90 seconds at 9 am with BNZ: Rising NZ$; Rising food prices; Food riots; GST-free personal imports; Trade balance

David Chaston details the key news overnight in 90 seconds at 9 am in association with Bank of New Zealand, including news that the exchange rate is a cent higher since Christmas eve against the US and starts the week at over 0.76. NZ$ vs UKP hit its alltime post-float high 50c this time last week, and the kiwi euro starts this week at its all-time high against the euro kiwi.

All this is against the backdrop of rapidly rising commodity prices, especially food prices. It is something hitting developing nations hard, with food and petrol riots breaking out in North Africa.

The Dow is high on record earnings and new signs of a modest recovery. But employment growth in the US is pretty modest as well.

The key industrial commodities of oil, gold, and copper all took a run-up over Christmas, but are pulling back now.

Closer to home, a big fight is brewing in Australia over GST-free access for personal imports – but their retailers are surprised at the lack of sympathy they are getting on this. No doubt we will follow what they decide.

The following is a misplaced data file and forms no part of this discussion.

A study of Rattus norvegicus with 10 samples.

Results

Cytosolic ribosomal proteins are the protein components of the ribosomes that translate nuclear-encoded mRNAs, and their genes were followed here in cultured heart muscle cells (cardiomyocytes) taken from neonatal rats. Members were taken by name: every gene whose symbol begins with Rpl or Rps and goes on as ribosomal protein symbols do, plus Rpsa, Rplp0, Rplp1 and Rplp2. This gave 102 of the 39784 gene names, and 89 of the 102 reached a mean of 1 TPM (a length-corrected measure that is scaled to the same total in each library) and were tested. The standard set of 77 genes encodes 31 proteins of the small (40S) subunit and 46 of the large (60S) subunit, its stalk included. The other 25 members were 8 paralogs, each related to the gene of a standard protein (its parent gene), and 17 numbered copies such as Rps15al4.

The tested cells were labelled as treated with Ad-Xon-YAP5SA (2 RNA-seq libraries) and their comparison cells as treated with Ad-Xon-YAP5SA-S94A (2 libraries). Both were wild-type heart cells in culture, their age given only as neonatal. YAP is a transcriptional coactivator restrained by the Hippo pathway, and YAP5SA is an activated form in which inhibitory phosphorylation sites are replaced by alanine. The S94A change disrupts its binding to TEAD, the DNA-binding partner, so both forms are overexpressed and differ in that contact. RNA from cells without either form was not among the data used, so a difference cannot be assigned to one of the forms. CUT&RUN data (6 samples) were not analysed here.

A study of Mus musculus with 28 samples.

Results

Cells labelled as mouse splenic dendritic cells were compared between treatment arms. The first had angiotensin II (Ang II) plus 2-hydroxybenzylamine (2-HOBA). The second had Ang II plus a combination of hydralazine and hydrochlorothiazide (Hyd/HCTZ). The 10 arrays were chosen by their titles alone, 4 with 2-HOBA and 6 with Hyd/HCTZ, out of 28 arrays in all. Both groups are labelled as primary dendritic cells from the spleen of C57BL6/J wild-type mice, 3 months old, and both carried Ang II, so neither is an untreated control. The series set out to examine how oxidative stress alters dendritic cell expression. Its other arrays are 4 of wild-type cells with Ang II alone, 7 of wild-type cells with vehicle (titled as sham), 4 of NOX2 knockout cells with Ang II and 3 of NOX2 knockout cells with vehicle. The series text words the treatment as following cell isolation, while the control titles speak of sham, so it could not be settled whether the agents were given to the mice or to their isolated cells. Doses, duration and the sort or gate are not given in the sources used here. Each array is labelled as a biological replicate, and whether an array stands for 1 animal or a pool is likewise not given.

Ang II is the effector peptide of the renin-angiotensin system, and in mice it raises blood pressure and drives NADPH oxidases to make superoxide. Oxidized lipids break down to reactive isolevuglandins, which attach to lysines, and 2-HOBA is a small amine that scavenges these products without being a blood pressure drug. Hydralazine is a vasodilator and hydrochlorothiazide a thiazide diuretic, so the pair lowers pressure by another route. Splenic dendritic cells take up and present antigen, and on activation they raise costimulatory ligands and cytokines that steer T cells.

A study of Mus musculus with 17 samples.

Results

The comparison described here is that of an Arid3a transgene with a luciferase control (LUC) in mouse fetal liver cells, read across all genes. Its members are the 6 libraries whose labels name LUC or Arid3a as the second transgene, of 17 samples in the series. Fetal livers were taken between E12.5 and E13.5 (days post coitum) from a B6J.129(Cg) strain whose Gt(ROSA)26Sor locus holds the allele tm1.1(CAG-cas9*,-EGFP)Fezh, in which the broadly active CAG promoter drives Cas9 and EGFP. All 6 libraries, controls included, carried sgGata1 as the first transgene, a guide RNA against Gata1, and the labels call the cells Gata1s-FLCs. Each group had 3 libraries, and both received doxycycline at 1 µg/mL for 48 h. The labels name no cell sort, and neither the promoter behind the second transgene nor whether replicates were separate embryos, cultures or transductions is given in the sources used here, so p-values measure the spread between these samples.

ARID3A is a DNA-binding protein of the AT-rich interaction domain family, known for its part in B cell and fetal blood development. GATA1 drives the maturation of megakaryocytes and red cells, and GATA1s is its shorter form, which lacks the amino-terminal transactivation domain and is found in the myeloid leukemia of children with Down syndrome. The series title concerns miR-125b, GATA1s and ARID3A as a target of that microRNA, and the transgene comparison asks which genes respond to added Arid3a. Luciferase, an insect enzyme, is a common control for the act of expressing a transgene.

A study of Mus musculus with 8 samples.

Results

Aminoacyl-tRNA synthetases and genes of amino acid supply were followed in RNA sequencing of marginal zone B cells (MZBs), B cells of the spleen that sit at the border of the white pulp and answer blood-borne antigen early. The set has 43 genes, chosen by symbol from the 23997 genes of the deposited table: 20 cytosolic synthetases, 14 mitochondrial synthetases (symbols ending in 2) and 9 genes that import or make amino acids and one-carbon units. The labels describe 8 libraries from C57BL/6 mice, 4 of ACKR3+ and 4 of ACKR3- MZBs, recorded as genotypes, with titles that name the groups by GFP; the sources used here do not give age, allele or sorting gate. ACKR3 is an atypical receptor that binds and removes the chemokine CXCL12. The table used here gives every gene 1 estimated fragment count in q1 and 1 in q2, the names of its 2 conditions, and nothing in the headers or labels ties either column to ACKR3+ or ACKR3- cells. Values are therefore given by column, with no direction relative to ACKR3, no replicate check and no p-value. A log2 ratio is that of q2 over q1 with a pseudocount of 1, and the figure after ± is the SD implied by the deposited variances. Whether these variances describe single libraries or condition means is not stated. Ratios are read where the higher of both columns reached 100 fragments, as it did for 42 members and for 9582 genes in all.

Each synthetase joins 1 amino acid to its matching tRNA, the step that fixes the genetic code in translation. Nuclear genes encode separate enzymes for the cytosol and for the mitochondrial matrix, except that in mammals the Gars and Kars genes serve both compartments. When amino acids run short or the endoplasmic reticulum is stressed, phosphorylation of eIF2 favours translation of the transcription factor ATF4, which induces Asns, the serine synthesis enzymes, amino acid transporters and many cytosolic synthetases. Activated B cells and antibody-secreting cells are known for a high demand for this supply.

On Christmas eve, Yellow Pages revealed the extent of their writedowns, and they were mammoth.

Today we will be covering the November trade balance, which has averaged more than $700 mil in the red over the past 5 years, but is expected to be very much lower in this latest data - it should be given our peak commodity prices. NZ is on track for a trade surplus of well over NZ$1 billion in calendar 2010, compared with NZ$0.5 billion deficit in 2009, and over NZ$5 billion deficits annually in the previous 5 years. It’s been a huge positive turnaround and helps explain why our currency is well supported.

And we expect the Barfoots data for December today, showing how Auckland’s real estate market did.